UBA offers10 years insurance cover to family of Kisarawe conjoin twins

08Nov 2018
Henry Mwangonde
Dar es Salaam
The Guardian
UBA offers10 years insurance cover to family of Kisarawe conjoin twins

The United Bank of Tanzania (UBA) yesterday offered a 10 years insurance cover plus 16m/- donation towards the construction of two bedroom house to the family of the Kisarawe conjoined twins in securing their survival few months after a historic surgery to separate them.

United Bank for Africa Tanzania managing director and CEO Usman Isihaka (R) pictured in Dar es Salaam on Tuesday presenting to Kisarawe district commissioner Jokate Mwegelo a dummy cheque for 15m/- donated by the bank for the construction of a house for Esther Simon (C), a mother of conjoined twin babies who have undergone separation surgery at Muhimbili National Hospital. This was shortly after they were discharged. The bank has further paid for ten-year medical insurance cover for the babies. Looking on (L) is the hospital’s managing director, Prof Lawrence Museru. Photo: John Badi

The twins Gracious and Precious Michael Mkono who were born conjoined on 12th July this year in Kisarawe District in Coast Region, were separated at Muhimbili National Hospital  (MNH) in September in the first  surgery of its kind in the history of the country’s main referral hospital.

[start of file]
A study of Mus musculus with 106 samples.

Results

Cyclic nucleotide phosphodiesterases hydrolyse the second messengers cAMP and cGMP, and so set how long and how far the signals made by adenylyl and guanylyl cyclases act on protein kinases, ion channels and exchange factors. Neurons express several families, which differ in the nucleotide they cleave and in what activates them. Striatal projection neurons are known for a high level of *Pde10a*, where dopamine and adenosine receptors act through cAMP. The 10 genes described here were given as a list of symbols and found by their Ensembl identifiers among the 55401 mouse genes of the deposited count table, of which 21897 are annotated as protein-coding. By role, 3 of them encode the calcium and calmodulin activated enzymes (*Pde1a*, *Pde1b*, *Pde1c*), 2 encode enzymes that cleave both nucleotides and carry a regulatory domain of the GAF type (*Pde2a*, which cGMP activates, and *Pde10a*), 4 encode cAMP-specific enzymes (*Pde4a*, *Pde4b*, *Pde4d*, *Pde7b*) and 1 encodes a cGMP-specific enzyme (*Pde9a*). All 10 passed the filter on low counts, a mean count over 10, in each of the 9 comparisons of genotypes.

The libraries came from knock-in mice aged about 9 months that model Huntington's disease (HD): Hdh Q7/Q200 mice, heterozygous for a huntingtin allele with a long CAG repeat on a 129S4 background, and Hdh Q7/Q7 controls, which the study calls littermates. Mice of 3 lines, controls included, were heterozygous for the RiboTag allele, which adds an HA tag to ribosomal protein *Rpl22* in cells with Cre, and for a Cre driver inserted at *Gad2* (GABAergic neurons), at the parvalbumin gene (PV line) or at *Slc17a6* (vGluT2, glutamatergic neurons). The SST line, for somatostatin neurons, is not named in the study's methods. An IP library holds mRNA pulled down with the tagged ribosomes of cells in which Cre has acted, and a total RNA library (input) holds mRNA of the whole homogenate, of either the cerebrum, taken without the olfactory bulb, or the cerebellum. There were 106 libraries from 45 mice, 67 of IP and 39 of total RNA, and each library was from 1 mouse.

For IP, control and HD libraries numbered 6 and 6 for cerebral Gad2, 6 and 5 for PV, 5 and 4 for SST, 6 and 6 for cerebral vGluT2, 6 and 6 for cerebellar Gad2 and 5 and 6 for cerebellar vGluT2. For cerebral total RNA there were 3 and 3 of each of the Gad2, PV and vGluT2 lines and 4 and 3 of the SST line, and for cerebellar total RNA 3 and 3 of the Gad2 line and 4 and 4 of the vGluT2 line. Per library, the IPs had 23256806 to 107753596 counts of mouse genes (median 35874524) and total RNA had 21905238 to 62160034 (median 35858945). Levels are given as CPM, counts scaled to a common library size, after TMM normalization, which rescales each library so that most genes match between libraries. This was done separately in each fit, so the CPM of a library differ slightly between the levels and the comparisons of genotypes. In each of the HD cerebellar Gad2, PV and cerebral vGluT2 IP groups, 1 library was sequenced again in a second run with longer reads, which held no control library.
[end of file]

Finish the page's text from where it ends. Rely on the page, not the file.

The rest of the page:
“We visited the mother at MNH and were notified that they could not be discharged due to poor housing condition that would not guarantee the twins survival and we were humbled to resorting to further assist the family by facilitating the construction of a home for them,” said Usman Isiaka UBA Tanzania Chief Executive Officer.

He said the Bank remains committed to positively impacting the lives of Tanzanians by partnering with local communities in support of education and various development projects.

In addition, UBA staff also raised 2m/- for the twins and their mother’s upkeep and called upon the general public to offer their helping hand to the kids.

In his remarks MNH executive director Prof Lawrence Museru said the hospital saw to it that discharging the twins and letting them live in a house such as the one they had could risk their life hence defeat all the efforts used to save their lives.

According to Prof Museru, about 34m/- has been used as costs to separate and keep the children and their mother at the hospital.

“All the efforts could have been in vain should we have allowed them to return to the house which they were born into because this is a complicated surgery and they require proper care and what they eat,” he said.

Kisarawe District Commissioner Jokate Mwegelo who received the support from UBA yesterday, said she would mobilise the community in her district to take a closer look at the family of the twins.

The surgery was a milestone achievement for the country’s main referral hospital after several other successful establishment of key services in the past two years.

MNH has enhanced its capacity to provide major services whereby the first was the successful cochlea implant in June 2017.

The hospital launched kidney transplant services and later in the year sent its experts for training on liver transplant as well.